Production scheduling is an integral part of any business. It determines when and how products will be made, ensuring the company can meet customer demand while making a profit.
In production scheduling, there’s a special time known as the ‘frozen zone.’ Think of it as a protective shield around the master production schedule, where no changes are allowed. Read on to get a better idea.
Let’s dive into this unique concept and discover how it brings stability and order to the world of manufacturing. This blog post will explore what Frozen Zone is and how you can manage it effectively with examples.
A frozen zone is the scheduling time horizon during which no alterations to the master production schedule are allowed. That provides more balance and control to the master production schedule.
According to Gartner (Global research and advisory firm), all organizations face one critical problem. That is the planning and execution of sales orders. Organizations make sales and operations planning in the unfrozen zone (liquid zone) and execute sales and processes in the frozen zone.
A time fence separates these two zones. Outside the fence, that means in the liquid zone. You can change the purchase order and production plans.
But you can not change the purchase orders and production plans inside the fence. You have to work in the real world.
How do you unfreeze the frozen zone in the supply chain?
It is challenging to deal with unexpected orders and shipping delays even if you carefully plan and forecast. Unfortunately, dealing with this problem is not possible with a planning tool.
To manage your supply chain within set timelines, utilize an automation tool within a supply and operations execution (S&OE) platform. This tool effectively unfreezes operations, ensuring smooth control and support.
- This tool provides a clear vision of shortages and alerts you with early warnings.
- It allows you to take preventive actions by discovering issues immediately.
- It helps the people in the supply chain to interact with each other.
- It centralizes communication and keeps track of discussions and decisions.
- It allows you to boost your operations with the help of analytics of previous data available to you.
Frozen zone examples
Here, the production order is fixed for a set period. So after updating the production order, the first calendar month is generally considered a ‘frozen zone.’
You can not change or cancel the number of products in the production order at this period. You can change it only when both vendors and buyers agree on it.
For example, suppose a factory produces widgets and has a frozen time from midnight to 6 a.m. In that case, it will not make any widgets during that period, regardless of customer demand.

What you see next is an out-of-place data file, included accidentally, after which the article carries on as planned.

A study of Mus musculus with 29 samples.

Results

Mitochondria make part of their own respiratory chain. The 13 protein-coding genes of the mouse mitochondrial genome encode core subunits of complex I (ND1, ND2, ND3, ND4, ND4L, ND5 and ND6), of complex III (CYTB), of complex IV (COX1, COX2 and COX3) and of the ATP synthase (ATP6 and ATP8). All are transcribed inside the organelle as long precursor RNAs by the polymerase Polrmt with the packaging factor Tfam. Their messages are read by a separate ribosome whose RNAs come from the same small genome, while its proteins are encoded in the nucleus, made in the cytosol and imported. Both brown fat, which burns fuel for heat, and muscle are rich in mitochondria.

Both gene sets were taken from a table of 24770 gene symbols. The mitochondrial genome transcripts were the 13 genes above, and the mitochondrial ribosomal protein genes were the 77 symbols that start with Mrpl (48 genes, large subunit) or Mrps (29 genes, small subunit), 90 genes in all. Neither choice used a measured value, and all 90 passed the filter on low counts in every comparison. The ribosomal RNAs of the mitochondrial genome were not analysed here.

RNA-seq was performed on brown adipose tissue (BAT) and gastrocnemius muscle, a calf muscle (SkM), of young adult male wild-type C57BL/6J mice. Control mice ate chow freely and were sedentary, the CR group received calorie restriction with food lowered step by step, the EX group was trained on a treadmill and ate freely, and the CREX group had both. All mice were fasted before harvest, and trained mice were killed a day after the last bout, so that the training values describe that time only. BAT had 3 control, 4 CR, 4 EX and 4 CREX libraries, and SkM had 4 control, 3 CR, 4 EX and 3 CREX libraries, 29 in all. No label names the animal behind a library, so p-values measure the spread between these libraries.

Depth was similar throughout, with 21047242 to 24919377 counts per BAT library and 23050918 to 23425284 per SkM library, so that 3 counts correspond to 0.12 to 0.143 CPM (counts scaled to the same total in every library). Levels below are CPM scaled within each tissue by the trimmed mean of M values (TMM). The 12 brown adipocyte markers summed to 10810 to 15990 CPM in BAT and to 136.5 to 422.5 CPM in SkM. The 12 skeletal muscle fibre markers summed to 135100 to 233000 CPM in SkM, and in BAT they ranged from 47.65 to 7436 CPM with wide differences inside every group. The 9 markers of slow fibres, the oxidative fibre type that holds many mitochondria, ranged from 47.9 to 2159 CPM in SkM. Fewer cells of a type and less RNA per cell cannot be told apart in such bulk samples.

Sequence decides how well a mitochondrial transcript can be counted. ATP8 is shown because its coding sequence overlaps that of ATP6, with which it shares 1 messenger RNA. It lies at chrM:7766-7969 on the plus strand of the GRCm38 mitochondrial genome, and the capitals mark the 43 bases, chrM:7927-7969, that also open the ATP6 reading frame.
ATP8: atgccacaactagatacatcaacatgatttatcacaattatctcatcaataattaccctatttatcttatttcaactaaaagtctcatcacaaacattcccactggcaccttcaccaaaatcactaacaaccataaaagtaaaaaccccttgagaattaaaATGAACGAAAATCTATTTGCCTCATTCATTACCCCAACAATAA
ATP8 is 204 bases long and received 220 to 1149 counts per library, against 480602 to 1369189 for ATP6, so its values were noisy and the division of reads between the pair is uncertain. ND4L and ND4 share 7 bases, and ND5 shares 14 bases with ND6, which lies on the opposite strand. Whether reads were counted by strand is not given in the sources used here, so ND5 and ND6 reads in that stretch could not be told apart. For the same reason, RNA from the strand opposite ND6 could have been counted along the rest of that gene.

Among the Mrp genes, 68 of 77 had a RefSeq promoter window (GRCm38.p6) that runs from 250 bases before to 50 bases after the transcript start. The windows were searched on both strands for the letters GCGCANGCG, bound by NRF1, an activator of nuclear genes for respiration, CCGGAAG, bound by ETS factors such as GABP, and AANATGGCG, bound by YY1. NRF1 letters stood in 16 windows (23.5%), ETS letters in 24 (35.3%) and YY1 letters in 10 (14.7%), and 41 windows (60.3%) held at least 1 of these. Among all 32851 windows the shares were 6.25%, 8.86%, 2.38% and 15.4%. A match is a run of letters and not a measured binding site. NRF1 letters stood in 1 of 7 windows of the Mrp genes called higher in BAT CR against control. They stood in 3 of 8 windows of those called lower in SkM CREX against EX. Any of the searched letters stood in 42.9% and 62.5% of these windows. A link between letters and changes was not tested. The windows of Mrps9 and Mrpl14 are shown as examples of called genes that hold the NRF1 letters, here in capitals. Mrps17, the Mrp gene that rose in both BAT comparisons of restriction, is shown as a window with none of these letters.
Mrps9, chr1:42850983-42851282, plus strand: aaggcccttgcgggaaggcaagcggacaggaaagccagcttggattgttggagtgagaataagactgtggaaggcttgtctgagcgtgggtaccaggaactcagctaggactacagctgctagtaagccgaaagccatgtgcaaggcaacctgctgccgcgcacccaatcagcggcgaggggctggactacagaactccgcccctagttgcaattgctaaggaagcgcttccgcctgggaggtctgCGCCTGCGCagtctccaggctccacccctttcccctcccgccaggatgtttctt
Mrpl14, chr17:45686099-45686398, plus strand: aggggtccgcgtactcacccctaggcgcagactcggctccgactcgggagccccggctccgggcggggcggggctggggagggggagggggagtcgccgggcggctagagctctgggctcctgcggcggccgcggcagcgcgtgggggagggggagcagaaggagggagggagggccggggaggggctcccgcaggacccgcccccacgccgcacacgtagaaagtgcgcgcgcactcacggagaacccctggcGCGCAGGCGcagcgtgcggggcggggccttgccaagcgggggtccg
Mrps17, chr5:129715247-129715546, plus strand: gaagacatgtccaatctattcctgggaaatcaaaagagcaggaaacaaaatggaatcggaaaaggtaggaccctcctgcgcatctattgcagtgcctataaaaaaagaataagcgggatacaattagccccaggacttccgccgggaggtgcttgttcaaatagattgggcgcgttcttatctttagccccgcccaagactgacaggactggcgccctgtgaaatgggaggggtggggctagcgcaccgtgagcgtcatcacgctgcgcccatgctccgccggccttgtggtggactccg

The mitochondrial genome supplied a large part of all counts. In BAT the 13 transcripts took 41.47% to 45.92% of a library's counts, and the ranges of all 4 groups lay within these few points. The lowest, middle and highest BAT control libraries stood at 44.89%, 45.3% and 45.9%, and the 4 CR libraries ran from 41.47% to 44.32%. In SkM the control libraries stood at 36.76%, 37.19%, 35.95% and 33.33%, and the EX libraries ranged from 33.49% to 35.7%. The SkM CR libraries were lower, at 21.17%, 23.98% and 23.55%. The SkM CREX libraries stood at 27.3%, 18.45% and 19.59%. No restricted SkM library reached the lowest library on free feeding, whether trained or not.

Frozen planning period
A frozen planning period is when the organization does not alter its product supply plan. The frozen planning period is crucial to avoid short-term alterations in the plan.
Usually, the frozen planning period will include review time and lead time for products. The recommended period is 1-2 weeks.
A frozen planning period helps bifurcate the different domains like demand planning, supply planning, and execution.
What is a frozen period?
The frozen period is when a company cannot change its production schedule. This term is usually used in manufacturing, where it’s crucial to maintain a consistent flow of products.
In case of problems with the production process that need to be fixed, the frozen time prevents workers from making changes that disrupt that flow.
How to identify the frozen zone in your production schedule?
To identify frozen zones within your production schedule, scan for timeframes designated as fixed or immovable.
These may result from contracts, raw material constraints, or various other factors. Once these fixed periods are pinpointed, everything else falls into what we call the “frozen zone.”
During this phase, any alterations to the schedule demand proactive communication and coordination well ahead of time to prevent disruptions.
In summary, the frozen zone stands as the unchanging heart of the production schedule, crucial for maintaining a stable workflow. Although rigid, it’s vital for keeping production running smoothly. As supply chains evolve, understanding their significance remains key for effective production planning and control. Thank you for your readership!